Jonathan Beeston Profile picture for user Jonathan Beeston November 12, 2020
Jonathan Beeston, Product Marketing Director EMEA at Salesforce Datorama, describes how marketers are increasingly responsible for business growth. While data and analytics can unlock actionable insights, marketers are met with challenges in integrating and utilizing data.


Digital innovation and transformation continue to become more prevalent than ever before - and they're not slowing down any time soon. As all industries feel the effects of COVID-19, businesses are adjusting the ways they communicate with and provide services to customers. Both the customer and the marketer are increasingly more reliant on digital channels to interact. Meanwhile, budgets are in flux or more limited and it is critical that no dollar goes to waste.

This presents pressing challenges for marketers. How can they keep up with the changing dynamics, increasing customer demands, and changing landscape, all while making decisions with confidence?

Making informed decisions starts with access to data and insight into how each activity, program, piece of content and campaign is resonating with customers and impacting bottom line business ROI.

In order to understand this shifting landscape and the implications for how marketers integrate and analyse their data, Salesforce partnered with teknowlogy for the survey.

The findings and insights from the Marketing and Intelligence Insights Guide for the UK show that data integration and analytics present challenges for marketers, but are essential for the measurement process and ultimately driving growth - inspiring marketers to reimagine what it means to be data-driven.

Here are four key takeaways from the report.

1. Marketers are increasingly responsible for growth, but face data and analytics barriers.

Marketers today play an increased role in driving business growth and success. According to the report, 90% of respondents stated that leadership has shifted their company's priorities to focus on marketing-led growth at least "somewhat significantly" in the past year.

But those same marketers face significant barriers to growth that may be keeping them from meeting their mandate. Over half (56%) of respondents listed data mismanagement as a top barrier to growth. This can be caused by a number of factors, such as low-quality data and issues with data integration.

Other barriers listed include lack of real-time insights, lack of a united view of performance, lack of understanding of the customer, and misaligned teams. With ever-changing budgets and an increased focus on controlling costs, it's clear that marketers today are expected to do more with limited resources - and they need to tackle data challenges in order to get there.

2. Today's crucial marketing decisions are driven by data.

It's clear that marketers understand the importance of data and prioritizing data in their decision-making. Forty-five percent of respondents say they are already using data "as much as possible" in their decision-making.

Marketers are so invested in data that they're also trying to uplevel and democratize the data culture throughout their organization- 62% have already made excellent progress with investments in marketing analytics platforms and technology, 50% have gained support from executive leadership, and 56% state that they have made excellent progress in tracking their ROI across each marketing investment.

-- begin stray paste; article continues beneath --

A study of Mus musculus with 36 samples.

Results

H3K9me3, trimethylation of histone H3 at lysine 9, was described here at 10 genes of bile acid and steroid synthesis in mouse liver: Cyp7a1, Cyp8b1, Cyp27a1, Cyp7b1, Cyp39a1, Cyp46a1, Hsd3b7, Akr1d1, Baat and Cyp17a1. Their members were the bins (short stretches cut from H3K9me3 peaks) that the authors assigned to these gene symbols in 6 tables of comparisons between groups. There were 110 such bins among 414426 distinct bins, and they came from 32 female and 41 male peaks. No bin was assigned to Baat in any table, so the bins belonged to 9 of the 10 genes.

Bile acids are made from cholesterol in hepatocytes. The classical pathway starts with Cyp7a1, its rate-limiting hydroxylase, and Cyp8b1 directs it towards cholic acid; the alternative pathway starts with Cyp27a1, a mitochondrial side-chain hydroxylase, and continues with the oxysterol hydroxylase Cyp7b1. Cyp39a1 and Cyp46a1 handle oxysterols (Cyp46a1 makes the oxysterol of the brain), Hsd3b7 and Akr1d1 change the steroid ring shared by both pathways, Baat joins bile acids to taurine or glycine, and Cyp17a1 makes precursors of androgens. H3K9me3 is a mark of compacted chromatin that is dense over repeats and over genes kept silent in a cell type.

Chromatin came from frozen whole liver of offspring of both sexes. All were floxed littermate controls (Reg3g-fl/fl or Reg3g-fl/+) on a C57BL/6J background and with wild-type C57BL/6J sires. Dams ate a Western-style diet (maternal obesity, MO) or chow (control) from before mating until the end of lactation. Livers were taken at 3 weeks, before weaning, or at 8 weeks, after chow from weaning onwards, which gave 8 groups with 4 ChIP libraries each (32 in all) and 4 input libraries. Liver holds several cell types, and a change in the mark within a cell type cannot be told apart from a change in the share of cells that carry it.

It is clear that marketers see immense value in data and analytics capabilities and progress is already underway. But remember that these same marketers are challenged by a number of issues - so while they may be using data "as much as possible," there's still a clear opportunity for improvement.

3. Data is complex, and integrating it all poses a major challenge.

Marketers today are utilizing more channels than ever before to reach today's customer. From web to email, mobile, surveys, social, and more, cross-channel strategies are the new normal.

The resulting data is incredibly complex. With different formats and delivery methods, data is often siloed in each platform, making it difficult to gain a holistic understanding of all marketing data.

And while 80% of respondents see a complete view of all cross-channel marketing activity as important, 62% still measure and optimize individual channels independently or use spreadsheets instead of a unified system of record to manage it all.

Unsurprisingly, this presents a number of challenges. Among these challenges are data accuracy, inability to connect and unify data from different sources, and time spent on data cleaning and preparation. As a result, marketers can't gain actionable insight in a timely and impactful manner.

4. As the role of marketing evolves, data-driven transformation is key

Marketers are committed to improving their data and analytics capabilities over the next year, and they've got their sights set on common priorities like efficiency, better customer engagement, and revenue growth. Forty-six percent of participants plan to make their data management and data preparation more efficient, and 43% hope to use real-time data to fuel their decision-making ability.

Our industry is rapidly changing, but the foundational key to marketing success in 2020 and beyond is building a data-driven culture into your organization. Though implementing this process is easier said than done, marketers now have more tools at their fingertips than ever before.

To create a data-driven organizational culture that results in a clear measurement strategy and marketing growth, U.K. marketers need to align their people, processes, and technology with an understanding of customers' needs and key growth priorities. With these goals in mind, marketers can equip themselves and their organizations for success in an industry where change is the only constant.